The BlackBerry Torch 9800 comes in a compact box in line with recent trends. A polishing cloth is the only accessory inside – unusual for BlackBerry, the Torch omits an in-box holster.
The supplied memory card is 4GB, not bad. We have to admit though, the supplied one-piece headset looks second-rate. The other items in the box are a charger and microUSB data cable. There's also a user guide and a CD with the software required for syncing your handset with a computer.
The BlackBerry Torch measures 111 x 62 x 14.6 mm, which is by no means compact by modern standards. The slider form factor has added a few millimeters around the waistline. The Torch is quite a handful but that’s fair for what you get – a 3.2” touchscreen and a full QWERTY keyboard.
Although the comparison isn’t quite fair, the Torch does appear big and chunky next to some of the slim (10 mm, even less) touch-only phones it might compete against. At 161 grams of weight, the handset is rock-solid, bordering on intimidating.
Of course anyone who doesn’t like their phone tearing a whole in their pocket (and the Torch does that in more than one way) might disagree. But the phone handles quite comfortably and feels like holding a solid piece of machinery, not a plastic toy.
Alright, it’s a touchscreen-on-QWERTY portrait slider – a rare though not extinct breed. In a crowd of side-sliding QWERTY messengers, the Torch and the Palm Pre will meet few of their kind.
The form factor isn’t the only thing to make the Torch special. This isn’t the first touch berry we’re dealing with but the presence of a hardware keyboard makes things a lot different.
The most important thing about the Torch is you can pretend there’s no touchscreen. We know this isn’t the point at all, but you can control and navigate the phone with the trackpad and buttons just like you would with any regular BlackBerry phone.
So, what was it? Trying to make it less of a shock for long-time BlackBerry users or giving potential new adopters a choice? We’re not sure but the Torch works we think. You get a trademark BlackBerry keyboard and the handling is comfortable and familiar with the standard BlackBerry controls. On top of that, there’s a good capacitive screen – complete with multitouch – to use for handling media and browsing.
Equally important, there’s no mistaking the authentic BlackBerry pedigree of the Torch. The phone is shyly hiding a keyboard underneath a touchscreen but the styling has RIM written all over it. Which is actually good news, because those Canadians are quite good at making sleek phones.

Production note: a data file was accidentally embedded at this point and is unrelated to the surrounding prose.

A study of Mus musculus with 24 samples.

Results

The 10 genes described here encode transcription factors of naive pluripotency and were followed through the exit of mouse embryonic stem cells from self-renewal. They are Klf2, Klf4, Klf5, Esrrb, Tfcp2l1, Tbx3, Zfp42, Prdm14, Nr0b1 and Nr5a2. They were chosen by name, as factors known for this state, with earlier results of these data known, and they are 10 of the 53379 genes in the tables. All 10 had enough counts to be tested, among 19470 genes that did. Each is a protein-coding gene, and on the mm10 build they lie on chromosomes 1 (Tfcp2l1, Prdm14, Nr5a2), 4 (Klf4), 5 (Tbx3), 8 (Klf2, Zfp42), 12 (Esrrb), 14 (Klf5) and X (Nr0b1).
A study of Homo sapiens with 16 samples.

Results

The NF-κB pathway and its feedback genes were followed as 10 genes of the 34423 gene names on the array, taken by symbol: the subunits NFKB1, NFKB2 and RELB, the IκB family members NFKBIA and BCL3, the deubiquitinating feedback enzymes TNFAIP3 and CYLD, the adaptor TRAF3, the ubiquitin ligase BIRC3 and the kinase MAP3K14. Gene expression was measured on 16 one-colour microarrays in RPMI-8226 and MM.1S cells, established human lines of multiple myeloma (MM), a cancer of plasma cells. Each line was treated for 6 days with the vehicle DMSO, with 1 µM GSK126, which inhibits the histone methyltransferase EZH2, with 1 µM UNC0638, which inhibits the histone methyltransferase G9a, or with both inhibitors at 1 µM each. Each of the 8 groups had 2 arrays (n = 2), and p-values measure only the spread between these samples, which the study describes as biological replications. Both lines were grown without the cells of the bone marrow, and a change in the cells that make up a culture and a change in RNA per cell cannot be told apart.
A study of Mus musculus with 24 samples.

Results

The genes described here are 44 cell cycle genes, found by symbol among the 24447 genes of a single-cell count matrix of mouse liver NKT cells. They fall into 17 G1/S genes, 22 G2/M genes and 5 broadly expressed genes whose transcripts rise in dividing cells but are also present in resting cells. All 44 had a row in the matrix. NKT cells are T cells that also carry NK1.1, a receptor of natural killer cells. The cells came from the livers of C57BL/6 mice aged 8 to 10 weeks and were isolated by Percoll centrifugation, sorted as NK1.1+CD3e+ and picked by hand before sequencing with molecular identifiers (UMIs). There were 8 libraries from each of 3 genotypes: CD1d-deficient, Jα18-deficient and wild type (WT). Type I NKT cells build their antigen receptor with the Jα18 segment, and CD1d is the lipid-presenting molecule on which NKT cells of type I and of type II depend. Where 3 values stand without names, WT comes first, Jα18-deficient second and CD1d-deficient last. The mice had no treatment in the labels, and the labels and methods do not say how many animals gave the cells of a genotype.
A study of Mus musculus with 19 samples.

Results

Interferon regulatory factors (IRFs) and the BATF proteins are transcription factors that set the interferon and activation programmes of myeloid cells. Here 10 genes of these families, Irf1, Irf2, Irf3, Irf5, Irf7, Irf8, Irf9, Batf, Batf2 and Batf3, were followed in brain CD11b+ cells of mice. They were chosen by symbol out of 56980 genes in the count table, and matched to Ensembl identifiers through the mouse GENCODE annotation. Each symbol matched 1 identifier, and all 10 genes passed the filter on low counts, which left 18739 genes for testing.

The only part of the Torch which we aren’t quite sure about is the rubbery ribbed back. It’s the kind of phone that does need a secure grip. It’s a heavy (but certainly well balanced) portrait slider that gets taller when open.
The special finish at the rear does well to let you comfortably handle the device. Maybe it just doesn’t fit the overall styling all too well. Or at least that’s what some on our team think. Others among us find it better than the faux leather you get on some BlackBerry phones.
Anyway, the Torch isn’t a phone you see everyday but it has preserved the distinct BlackBerry feel. Most of the people who saw it seemed to genuinely like it.
The front panel of the BlackBerry Torch 9800 is taken by the 3.2" capacitive touchscreen. The image quality isn’t too bad but neither the size nor the resolution can be considered top notch as of late.
360 x 480 screens were great a few years ago and good enough last year but are now decisively starting to look outdated. There is a whole load of phones with more than double the pixel count (the iPhone 4 more than triples it) and that inevitably reflects on image sharpness.
Not to mention those AMOLED displays (and even more so Super AMOLED), which beat the Torch screen hands down in terms of contrast. At least, the BlackBerry Torch can match the best for brightness and sunlight legibility.
We did notice quite a lot of on-screen color banding too, which we cannot quite explain as the Torch is said to support 16M colors. It could either be that RIM weren’t perfectly honest or that the single-color gradients rendering is imperfect.
The capacitive touchscreen is performing very well in terms of sensitivity (though we now consider this the standard rather than a great achievement). The good news is this time with the latest BlackBerryOS 6, there’s multi-touch (and there’s even pinch-zooming) so not all is lost.